Are Saturated Fats Bad For Our Health?

Saturated fats cause health problems when consumed in excess. It's best to limit their consumption to a small percentage of your total diet so that they don't cause undesirable effects on your health.
Are Saturated Fats Bad For Our Health?

Last update: 25 April, 2021

Saturated fats are one of the types of dietary fats that exist and that could eventually cause health problems. They’re mainly present in foods of animal origin such as meats, egg yolk, sausages, and milk and its derivatives.

Saturated fats become solid at room temperature and are sometimes visible to the naked eye in foods, as is the case of those in chicken skin, around red meat, or in milk. Other times they’re not visible, since they are used during food processing.

This type of fat is also present in some foods of vegetable origin, such as palm or coconut oil. Experts have established that high consumption of saturated fats could lead to health problems and, in particular, cardiovascular diseases.

However, this assertion has been called into question in recent years. There’s considerable debate on the subject in the scientific literature, as this article in the journal Critical Reviews in Food Science and Nutrition states.

Fats and types of fats

Fat is a nutrient that provides energy to the body so that it can function normally. If we exercise, during the first 20 minutes, the body works thanks to the calories that carbohydrates provide. From then on, it takes energy from fats.

Fats also play an important role in maintaining the health of our hair and skin, as well as balancing body temperature and for the absorption of vitamins A, D, E, and K. That’s why such vitamins are called fat-soluble.

There are basically three types of fats: Unsaturated, saturated, and trans fats. Let’s see:

  • Unsaturated fats: These are liquid in the environment and are present mainly in foods of vegetable origin and fish. Their consumption helps to improve cholesterol levels.
  • Saturated fats: We know them also as solid fats and their high consumption increases the level of bad cholesterol, which clogs the arteries.
  • Trans fats: These are fats processed by a method called hydrogenation. They’re the most harmful and are mainly found in industrial foods, according to a study published in the BMJ.
Raw chicken on a cutting board with olive oil, spices, and herbs.
Saturated fats are evident to the naked eye in chicken skin.

Continue reading: Which Are Better: Full-Fat or Low-Fat Dairy Products?

The effects of saturated fats

When we consume saturated fats in excess, they may cause problems in the body. The most relevant being that they cause a buildup of bad cholesterol (LDL) in the arteries. When this happens, the risk of developing heart disease, arteriosclerosis, or stroke may increase significantly. Although this is currently in doubt.

Excess cholesterol causes a lesion to develop on the walls of the arteries, called an atheroma plaque. The consequence of this is that it reduces the diameter of the arteries, which hinders the passage of blood. This is what could lead to cardiovascular problems.

Another undesirable effect of this type of fat is that it easily leads to weight gain. And if we ingest a high volume of them, especially if this is accompanied by little physical activity, the result is excess weight and obesity. Both notoriously affect health.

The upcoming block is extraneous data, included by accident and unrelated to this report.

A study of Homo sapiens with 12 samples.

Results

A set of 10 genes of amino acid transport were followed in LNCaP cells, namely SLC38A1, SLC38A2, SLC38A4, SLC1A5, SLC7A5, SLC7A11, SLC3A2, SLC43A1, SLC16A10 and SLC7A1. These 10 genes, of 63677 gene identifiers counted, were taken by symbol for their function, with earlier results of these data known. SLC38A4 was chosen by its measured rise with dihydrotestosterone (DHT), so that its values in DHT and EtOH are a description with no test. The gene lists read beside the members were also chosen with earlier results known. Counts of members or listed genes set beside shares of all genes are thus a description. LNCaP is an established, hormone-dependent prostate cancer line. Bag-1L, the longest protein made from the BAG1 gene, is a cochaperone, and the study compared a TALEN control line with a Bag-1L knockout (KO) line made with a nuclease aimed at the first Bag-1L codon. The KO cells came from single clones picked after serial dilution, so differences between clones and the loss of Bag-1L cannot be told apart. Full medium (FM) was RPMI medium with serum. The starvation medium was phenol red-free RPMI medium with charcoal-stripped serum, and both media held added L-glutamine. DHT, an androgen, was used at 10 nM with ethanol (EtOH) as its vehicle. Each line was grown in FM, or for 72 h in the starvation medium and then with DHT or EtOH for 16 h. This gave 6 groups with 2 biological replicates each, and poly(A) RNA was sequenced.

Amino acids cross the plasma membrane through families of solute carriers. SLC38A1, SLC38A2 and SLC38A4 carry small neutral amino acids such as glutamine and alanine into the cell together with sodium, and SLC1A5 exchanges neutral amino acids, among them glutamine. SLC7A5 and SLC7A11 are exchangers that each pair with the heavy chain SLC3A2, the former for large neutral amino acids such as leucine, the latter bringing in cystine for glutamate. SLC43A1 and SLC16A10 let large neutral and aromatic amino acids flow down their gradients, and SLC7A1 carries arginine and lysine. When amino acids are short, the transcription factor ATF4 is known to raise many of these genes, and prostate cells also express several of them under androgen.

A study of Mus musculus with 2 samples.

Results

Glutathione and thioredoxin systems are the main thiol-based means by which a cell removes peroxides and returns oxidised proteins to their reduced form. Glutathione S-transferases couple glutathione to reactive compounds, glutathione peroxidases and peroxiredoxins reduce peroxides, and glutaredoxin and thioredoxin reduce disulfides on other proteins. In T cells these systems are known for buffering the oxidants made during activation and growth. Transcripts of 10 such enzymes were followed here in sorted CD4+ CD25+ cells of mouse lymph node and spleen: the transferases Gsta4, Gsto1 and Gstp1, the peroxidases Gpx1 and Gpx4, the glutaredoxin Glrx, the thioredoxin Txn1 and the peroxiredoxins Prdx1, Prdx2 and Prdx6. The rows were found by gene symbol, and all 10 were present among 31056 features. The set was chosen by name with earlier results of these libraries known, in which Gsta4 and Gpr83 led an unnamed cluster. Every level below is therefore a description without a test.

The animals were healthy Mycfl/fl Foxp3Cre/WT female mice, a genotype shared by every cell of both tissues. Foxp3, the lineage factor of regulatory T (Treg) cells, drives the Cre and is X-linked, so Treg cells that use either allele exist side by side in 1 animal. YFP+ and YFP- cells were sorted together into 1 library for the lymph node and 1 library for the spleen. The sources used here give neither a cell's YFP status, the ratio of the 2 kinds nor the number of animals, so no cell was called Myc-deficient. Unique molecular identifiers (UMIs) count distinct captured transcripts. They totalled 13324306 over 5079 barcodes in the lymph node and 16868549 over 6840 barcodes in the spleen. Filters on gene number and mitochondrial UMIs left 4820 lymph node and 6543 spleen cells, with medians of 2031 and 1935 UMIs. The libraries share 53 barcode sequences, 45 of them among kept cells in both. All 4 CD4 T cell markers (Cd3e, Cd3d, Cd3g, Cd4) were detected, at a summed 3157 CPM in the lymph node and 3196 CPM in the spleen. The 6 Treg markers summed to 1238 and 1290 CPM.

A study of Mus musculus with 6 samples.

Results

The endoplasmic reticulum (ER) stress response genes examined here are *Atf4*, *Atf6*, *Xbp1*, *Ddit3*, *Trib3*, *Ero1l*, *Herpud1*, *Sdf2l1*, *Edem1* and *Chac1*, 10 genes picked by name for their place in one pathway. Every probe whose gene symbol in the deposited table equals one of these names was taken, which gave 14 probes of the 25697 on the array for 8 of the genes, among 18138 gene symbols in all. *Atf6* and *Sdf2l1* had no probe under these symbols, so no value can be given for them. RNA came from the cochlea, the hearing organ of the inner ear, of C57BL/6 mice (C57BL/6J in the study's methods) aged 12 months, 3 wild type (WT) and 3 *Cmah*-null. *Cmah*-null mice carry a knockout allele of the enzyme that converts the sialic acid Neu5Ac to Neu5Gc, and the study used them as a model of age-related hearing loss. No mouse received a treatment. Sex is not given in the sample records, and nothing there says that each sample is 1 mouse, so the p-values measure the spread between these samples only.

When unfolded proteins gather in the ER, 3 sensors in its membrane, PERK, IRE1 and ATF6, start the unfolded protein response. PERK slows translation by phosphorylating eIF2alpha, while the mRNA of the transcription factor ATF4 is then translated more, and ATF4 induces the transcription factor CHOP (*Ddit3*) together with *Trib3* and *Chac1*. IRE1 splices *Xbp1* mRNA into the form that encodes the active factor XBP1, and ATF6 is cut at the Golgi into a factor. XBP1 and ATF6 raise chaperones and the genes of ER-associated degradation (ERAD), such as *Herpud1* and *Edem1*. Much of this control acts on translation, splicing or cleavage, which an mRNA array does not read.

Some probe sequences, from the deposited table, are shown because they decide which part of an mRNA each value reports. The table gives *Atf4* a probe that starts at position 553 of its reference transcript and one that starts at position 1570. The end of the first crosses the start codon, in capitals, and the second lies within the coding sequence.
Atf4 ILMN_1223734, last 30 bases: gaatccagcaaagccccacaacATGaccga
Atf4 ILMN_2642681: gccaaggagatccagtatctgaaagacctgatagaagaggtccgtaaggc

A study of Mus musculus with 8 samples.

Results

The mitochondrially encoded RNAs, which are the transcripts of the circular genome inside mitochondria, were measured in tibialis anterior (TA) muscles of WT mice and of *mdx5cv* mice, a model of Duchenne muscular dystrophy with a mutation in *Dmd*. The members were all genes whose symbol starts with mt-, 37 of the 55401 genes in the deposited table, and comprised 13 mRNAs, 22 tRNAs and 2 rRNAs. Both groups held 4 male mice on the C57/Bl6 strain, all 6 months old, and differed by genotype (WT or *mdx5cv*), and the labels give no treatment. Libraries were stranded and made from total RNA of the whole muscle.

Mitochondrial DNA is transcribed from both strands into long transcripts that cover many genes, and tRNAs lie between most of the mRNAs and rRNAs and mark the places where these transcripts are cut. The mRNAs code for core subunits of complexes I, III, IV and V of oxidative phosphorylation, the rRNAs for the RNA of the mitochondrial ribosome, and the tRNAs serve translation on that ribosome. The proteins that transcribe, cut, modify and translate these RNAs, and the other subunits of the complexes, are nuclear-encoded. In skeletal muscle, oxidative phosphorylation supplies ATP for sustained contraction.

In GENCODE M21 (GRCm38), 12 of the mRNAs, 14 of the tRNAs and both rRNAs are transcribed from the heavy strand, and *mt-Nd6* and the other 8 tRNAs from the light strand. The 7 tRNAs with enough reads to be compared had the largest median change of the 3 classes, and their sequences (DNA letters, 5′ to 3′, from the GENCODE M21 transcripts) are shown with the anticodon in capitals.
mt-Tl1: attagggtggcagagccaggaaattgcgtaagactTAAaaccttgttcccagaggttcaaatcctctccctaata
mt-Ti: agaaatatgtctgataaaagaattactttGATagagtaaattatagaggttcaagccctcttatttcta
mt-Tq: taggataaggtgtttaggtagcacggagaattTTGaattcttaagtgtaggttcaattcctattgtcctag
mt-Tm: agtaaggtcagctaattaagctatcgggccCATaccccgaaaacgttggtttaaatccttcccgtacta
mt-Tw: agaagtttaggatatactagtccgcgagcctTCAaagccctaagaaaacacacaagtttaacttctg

Myths and misconceptions about saturated fats

The subject of fats and diets has lent itself to the popularization of some myths and misconceptions. The first of these is that it’s bad to consume saturated fats in all cases. This isn’t true. Experts recommended that saturated fats not represent more than 6% of daily food consumption.

Likewise, saturated fats are often eliminated from the diet without considering how they can be replaced for proper nutrition. The right thing to do in these cases is to replace saturated and trans fats with unsaturated fats, and not to completely eliminate all types of fats.

Another healthy option is to increase the intake of whole-grain carbohydrates, such as brown rice. On the other hand, it’s not a good idea to replace bad fats with carbohydrates such as white flour or sugar. A study on the subject pointed out that those who do this not only don’t reduce the risk of cardiovascular disease. Rather, it will increase the risk.

An illustration of a clotted artery.
Saturated fats raise bad cholesterol, which leads to clogged arteries.

Find out more: Control Bad Cholesterol Levels with a Healthy Diet

Fats and a healthy diet

The key to a healthy diet is balance. The golden formula remains a diet that includes plenty of vegetables, fruits, whole grains, and unsaturated fats. In smaller amounts and a regulated manner, carbohydrates, and saturated fats.

It’s estimated that 25-30% of daily calories should come from fats. In turn, only 6-7 % of these fats should be saturated fats. This is equivalent to approximately 15-25 grams of saturated fats per day.

In general, we should consume low amounts of foods such as industrial pastries, fatty or processed meats, full-fat dairy products, packaged foods, or fried foods. Of course, we can indulge from time to time, but make it the exception and not the rule.

  • Souza RJ., Mente A., Maroleanu A., Cozma AI., et al., Intake of saturated and trans unsaturated fatty acids and risk of all cause mortality, cardiovascular disease, and type 2 diabetes: systematic review and meta analysis of observational studies. BMJ, 2015.